When the Owego Hose Team set out to restore the iconic Baker Fireman’s Fountain, no one realized the journey they were undertaking. Nor could they imagine the final result that was on full display in downtown Owego this past August at the fountain’s rededication. Standing protectively over the village in Courthouse Square, the historic landmark drew hundreds gathered to pay tribute.
The Baker Fireman’s Fountain, depicting a firefighter holding a child, is often described as the symbol of Owego and its community-minded residents standing for the spirit of volunteerism that makes the community great.
The fountain was given to the Village of Owego and its firefighters by Frank M. Baker as a memorial to his son, George Hobart Baker, who was killed in an automobile accident in 1913. Both men had been members and chief engineers of the Owego Fire Department.
The elder Baker was instrumental in organizing the FASNY and was Secretary from 1874 to 1884. Frank M. Baker also served as President in 1884 and 1885. In addition, he was President and Founder of the Central New York Firemen’s Association (CNYFA) in 1893.
Originally purchased for $2,000, the 105-year-old fountain underwent a complete restoration led by the Owego Hose Team. They also raised all funding for the project and spearheaded the conservation work. The zinc fireman statue cradling a baby has been repaired and repainted with its existing colors including white trousers, blue coat and black fire helmet by Robinson Iron in Alexander City, Alabama. The base of the fountain including the fountain pool walls, pedestal stem, and upper bowl were restored and repainted to the fountain’s original dark green color.
Erected in 1914, the fireman and baby were originally bronze in color with a dark green fountain base. In 1953, local painter and World War I veteran Harry McCoy repainted the fireman with blue trousers, white coat and red helmet for $10 in preparation for the Central New York Firemen’s Convention held in Owego that year. The fireman was later repainted to its current colors in the 1960s.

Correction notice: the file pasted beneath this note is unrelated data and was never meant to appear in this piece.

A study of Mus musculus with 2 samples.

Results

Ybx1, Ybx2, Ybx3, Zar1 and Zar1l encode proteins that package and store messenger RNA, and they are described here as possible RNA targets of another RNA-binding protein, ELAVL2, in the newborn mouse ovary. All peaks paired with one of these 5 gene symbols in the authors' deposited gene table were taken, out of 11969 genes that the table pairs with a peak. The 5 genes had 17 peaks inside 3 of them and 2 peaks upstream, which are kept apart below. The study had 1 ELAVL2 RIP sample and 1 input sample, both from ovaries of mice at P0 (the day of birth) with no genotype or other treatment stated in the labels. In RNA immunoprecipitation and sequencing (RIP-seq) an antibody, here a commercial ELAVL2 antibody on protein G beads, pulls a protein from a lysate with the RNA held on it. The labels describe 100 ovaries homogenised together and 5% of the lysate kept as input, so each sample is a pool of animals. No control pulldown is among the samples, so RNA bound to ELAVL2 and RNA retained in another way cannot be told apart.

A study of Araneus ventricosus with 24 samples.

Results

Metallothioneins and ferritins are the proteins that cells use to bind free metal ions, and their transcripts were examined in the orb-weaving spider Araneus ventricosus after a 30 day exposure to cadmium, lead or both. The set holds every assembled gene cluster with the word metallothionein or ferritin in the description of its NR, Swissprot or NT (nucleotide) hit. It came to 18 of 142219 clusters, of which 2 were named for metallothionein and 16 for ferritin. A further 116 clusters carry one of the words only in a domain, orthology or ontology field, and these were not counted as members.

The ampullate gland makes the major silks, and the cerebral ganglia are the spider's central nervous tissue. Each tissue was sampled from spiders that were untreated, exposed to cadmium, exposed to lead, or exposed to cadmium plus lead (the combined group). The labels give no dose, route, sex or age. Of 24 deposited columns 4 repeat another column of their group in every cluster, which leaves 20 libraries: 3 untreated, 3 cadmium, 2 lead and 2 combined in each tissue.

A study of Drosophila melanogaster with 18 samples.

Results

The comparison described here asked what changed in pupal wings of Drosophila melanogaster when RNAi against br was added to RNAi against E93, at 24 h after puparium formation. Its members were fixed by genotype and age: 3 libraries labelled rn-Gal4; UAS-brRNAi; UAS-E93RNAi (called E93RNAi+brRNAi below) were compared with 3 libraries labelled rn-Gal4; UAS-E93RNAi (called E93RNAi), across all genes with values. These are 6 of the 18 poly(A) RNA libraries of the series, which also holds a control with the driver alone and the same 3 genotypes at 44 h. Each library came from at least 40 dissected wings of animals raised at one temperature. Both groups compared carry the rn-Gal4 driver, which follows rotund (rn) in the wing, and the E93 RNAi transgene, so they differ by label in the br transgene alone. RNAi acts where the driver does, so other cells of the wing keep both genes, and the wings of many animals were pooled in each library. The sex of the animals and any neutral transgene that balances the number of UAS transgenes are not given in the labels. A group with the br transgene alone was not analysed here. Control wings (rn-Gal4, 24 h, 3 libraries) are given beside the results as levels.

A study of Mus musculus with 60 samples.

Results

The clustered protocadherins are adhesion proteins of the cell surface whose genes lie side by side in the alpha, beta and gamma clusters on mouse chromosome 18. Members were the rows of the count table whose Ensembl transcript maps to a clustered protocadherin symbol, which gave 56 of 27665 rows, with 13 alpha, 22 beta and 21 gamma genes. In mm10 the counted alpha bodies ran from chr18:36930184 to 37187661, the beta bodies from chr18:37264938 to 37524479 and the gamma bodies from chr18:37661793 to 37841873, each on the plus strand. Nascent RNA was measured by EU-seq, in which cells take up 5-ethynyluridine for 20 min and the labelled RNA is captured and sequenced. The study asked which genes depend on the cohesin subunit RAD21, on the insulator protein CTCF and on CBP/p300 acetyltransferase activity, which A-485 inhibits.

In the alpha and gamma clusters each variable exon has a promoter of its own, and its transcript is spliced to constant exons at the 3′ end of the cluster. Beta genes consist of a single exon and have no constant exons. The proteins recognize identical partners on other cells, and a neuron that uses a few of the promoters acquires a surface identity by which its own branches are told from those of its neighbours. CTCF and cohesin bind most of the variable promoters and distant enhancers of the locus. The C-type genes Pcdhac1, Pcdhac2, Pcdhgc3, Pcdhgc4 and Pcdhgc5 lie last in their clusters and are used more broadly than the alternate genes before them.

Other components of the renovation included a memorial walkway of inscribed bricks and walkaround; stamped concrete sidewalks surrounding the fountain honoring Owego’s five Fallen Firefighters; and a new William G. Pomeroy historic marker in front of the fountain.
Four 1,000-pound stone benches surround the walkaround, so visitors may sit and enjoy the fountain. The memorial walkway and brick walk around concept are modeled after the Walk of Honor at the National Fallen Firefighters Memorial in Emmitsburg, Maryland. The same brick type used at the Emmitsburg Memorial from Glen Gery Bricks was used in Owego.
The ceremonial lighting of the fountain took place in August, prior to the rededication, with the flipping of the switch bringing the fountain to life. Other contributors and Baker family members, some of whom traveled as far away as Texas and Arizona to attend the festivities, were given an original brick and certificate from the fountain’s foundation. These bricks were manufactured from the Brick Pond in the Turtle Town area of the village and were in place for 104 years prior to the fountain’s removal last year for its restoration.
A rededication ceremony was officiated by Past President and Life Member of Croton Hose Co. No. 3 Jim Franz. A highlight of the ceremony included a wreath-laying in honor of Owego’s five fallen firefighters led by Past Owego Fire Chief Ken Easton as a bagpiper played. The oldest living Baker descendent Frieda Baker, who turned 99 years old this September, joined two of the Baker family’s youngest generation, Anna and Sara Gavin, in turning the fountain water on to complete the ceremony.
Following the ceremony, a firefighter’s parade took place downtown. Local antique fire apparatus from the area, along with the Owego Fire Department and Owego Hose Team units, headlined the parade. Hose team members proudly carried a life-size cardboard cutout of the fountain fireman atop their 1969 Mack pumper.
A firematic hose race took place on lower Front Street with three teams from Owego and a team called “The Shenanigans” made up of Tioga County Firefighters. At the end of the hose race, an after party took place at the Rainbow Trail.
One attendee remarked, “One of the most nostalgic sights of ‘home’ to a returning Owegoan is the stalwart fireman fountain.” The fireman stands proudly again as a testament to the community who rallied to save it.